Trudy Andrew | Canadian Author

As the Tail Wags


We were coming home from the city, and had just turned off the busy four-lane highway onto Garven Road, when I heard.
“Oh no.”
“What?” glancing at the girlchild, I looked towards where she was pointing. There in the ditch, was a golden retriever. Of course, he was being a typical water dog, and was playing in the water. The problem was, he was playing in a ditch right beside a very busy, two-lane highway. To say Garven Road is busy is almost, an understatement. It’s the main route for many gravel pits, as well as traffic from OakBank and many rural areas. The potential of the dog being hit by a semi or other vehicle was, extremely high. In fact, as we were pulling onto the shoulder, the dog left the ditch, and trotted up onto the road. Completely oblivious to the heavy traffic, it was only because drivers were paying attention, that he wasn’t hit right then. They all stopped, put on their four-way flashers then when the dog, casually walked across the road and stood in a driveway, they all went on their way.
Not us though. We couldn’t leave a dog, at risk of being hit by a vehicle. Lickety–split, sweetpea had the car turned around. She parked her little Cooper, at the end of the driveway, where the dog was still standing. In the few minutes that it took, to see the dog, get turned around, and back to him, we’d discussed the possibility of it actually being at home. We’d never seen any animal, not dog or cat on the property, ever. Though we were sure, it wasn’t the dog’s home. Sweetpea still took him by his collar, and led him to the door.
While she was doing that, I was busy emptying the back seat of the Mini Cooper. I had to put something down on the cloth seat. A wet water dog and cloth seats don’t go well together. There was nothing to do, but put my fleece sweater over the seat. After all, it’s easy enough to wash, and the seat isn’t.
No one was home, which is what we’d figured out already. There weren’t any dog dishes around, no signs of a dog, only his fresh tracks. As we were pretty certain it wasn’t their dog, into the car he went. It’s rather funny, how a lost dog will often come to complete strangers. Not only come to strangers, this dog also willingly climbed into the car. I had to mop up his drooly chops with a paper napkin. Sweetpea took a few photos so she could post him, and away we went.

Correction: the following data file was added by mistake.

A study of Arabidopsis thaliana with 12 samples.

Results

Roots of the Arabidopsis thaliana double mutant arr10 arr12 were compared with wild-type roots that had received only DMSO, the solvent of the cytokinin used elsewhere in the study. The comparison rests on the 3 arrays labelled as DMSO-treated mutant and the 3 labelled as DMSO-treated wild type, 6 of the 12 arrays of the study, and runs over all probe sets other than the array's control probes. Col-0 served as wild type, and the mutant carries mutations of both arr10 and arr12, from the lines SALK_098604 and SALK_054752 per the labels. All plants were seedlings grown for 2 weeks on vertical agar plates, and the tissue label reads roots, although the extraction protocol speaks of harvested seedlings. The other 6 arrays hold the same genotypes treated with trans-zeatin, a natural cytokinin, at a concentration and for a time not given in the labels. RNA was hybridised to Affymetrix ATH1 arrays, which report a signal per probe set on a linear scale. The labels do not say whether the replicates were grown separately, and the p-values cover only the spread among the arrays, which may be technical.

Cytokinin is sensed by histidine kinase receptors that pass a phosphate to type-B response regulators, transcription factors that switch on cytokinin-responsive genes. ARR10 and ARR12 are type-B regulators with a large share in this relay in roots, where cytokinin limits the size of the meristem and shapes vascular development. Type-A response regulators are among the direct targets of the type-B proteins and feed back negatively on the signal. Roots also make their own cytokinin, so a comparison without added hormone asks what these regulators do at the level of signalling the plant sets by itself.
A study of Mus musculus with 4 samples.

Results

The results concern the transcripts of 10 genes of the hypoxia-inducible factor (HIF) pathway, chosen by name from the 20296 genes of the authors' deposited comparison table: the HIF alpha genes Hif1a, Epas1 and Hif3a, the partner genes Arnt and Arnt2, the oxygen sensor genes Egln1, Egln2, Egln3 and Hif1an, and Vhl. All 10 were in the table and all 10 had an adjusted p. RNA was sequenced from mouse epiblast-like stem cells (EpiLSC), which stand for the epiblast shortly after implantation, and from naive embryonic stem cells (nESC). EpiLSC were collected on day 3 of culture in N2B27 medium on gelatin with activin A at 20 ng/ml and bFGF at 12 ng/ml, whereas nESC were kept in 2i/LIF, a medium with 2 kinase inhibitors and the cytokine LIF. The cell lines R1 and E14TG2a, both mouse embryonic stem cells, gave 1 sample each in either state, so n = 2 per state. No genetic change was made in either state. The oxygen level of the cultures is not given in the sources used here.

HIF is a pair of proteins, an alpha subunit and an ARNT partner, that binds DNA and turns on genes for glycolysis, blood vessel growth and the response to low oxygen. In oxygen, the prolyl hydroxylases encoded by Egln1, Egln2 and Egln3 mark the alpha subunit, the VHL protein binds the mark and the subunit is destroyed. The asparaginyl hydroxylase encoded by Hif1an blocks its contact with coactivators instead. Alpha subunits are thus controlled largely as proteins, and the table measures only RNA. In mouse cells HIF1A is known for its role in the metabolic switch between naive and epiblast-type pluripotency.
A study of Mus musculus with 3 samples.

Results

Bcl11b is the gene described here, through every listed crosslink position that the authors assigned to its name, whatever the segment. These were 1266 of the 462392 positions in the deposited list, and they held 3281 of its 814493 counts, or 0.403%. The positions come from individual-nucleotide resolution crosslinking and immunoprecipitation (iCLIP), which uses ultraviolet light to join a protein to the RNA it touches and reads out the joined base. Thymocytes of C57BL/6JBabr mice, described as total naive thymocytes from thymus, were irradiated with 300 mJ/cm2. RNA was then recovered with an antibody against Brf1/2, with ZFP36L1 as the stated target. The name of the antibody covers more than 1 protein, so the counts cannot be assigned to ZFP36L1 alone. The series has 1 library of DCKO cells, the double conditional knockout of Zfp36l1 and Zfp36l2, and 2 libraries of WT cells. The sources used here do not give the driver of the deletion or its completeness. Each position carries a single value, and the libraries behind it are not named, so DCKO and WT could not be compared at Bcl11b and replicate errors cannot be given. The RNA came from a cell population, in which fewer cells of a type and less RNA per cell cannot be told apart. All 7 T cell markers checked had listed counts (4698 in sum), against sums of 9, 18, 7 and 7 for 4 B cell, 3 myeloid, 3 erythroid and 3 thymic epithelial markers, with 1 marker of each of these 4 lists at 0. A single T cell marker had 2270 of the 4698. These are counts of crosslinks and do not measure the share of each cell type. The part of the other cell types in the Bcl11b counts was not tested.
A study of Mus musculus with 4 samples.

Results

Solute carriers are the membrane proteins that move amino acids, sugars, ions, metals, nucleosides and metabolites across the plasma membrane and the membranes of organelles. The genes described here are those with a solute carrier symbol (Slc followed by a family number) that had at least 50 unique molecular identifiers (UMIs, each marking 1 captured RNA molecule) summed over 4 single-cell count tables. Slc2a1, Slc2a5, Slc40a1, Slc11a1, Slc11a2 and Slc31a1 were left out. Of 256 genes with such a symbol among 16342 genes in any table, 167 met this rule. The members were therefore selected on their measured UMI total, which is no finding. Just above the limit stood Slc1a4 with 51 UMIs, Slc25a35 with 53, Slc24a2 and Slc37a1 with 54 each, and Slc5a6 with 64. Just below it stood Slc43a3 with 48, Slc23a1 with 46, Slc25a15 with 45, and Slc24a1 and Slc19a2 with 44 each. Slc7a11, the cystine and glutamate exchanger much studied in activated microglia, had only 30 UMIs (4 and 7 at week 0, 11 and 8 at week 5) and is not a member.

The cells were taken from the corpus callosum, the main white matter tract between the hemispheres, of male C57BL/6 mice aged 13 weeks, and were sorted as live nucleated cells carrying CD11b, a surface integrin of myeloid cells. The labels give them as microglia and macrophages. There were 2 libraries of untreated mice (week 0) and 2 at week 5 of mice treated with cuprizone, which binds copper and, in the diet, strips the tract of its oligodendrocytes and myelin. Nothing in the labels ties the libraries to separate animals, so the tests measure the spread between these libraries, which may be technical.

“So, I wonder what his name is.”
“Cooper,” the girlchild answered with a grin, “Yup, Cooper’s getting a ride in a Cooper.”
Cooper had rabies tags from the OakBank Animal Hospital, so we decided to take him there. If anyone would be able to get him back home, it should be them. The friendly dog enjoyed the ride. He looked out windows, rested his head on my shoulder, then sweetpea’s shoulder. Once in a while, he yawned to release a bit of stress, but all in all, he was pretty cool about the situation.
We checked if he could be left at the vet’s, and of course, he could. He was very excited to go to the vet. Almost dragging sweetpea to the door and inside, he seemed happy to be there. Until it was time for him to be taken to the kennels, that is. Then he seemed to drastically change his mind, which was pretty amusing. Poor Cooper. He must’ve remembered some past experience, possibly neutering, and didn’t want to go there again.
As we left the clinic, we were relieved that Cooper was going to be safe. We also decided that it was a good idea, to carry a blanket and lead in the car. After all, one never knows, when they might come in handy.


Trudy Andrew lives on a small farm just east of Winnipeg, Manitoba, where she enjoys her Morgan horses. A dreamer since she was a child, its no surprise to those who know her well that her imagination would find an outlet in writing, as it has in the past through artwork.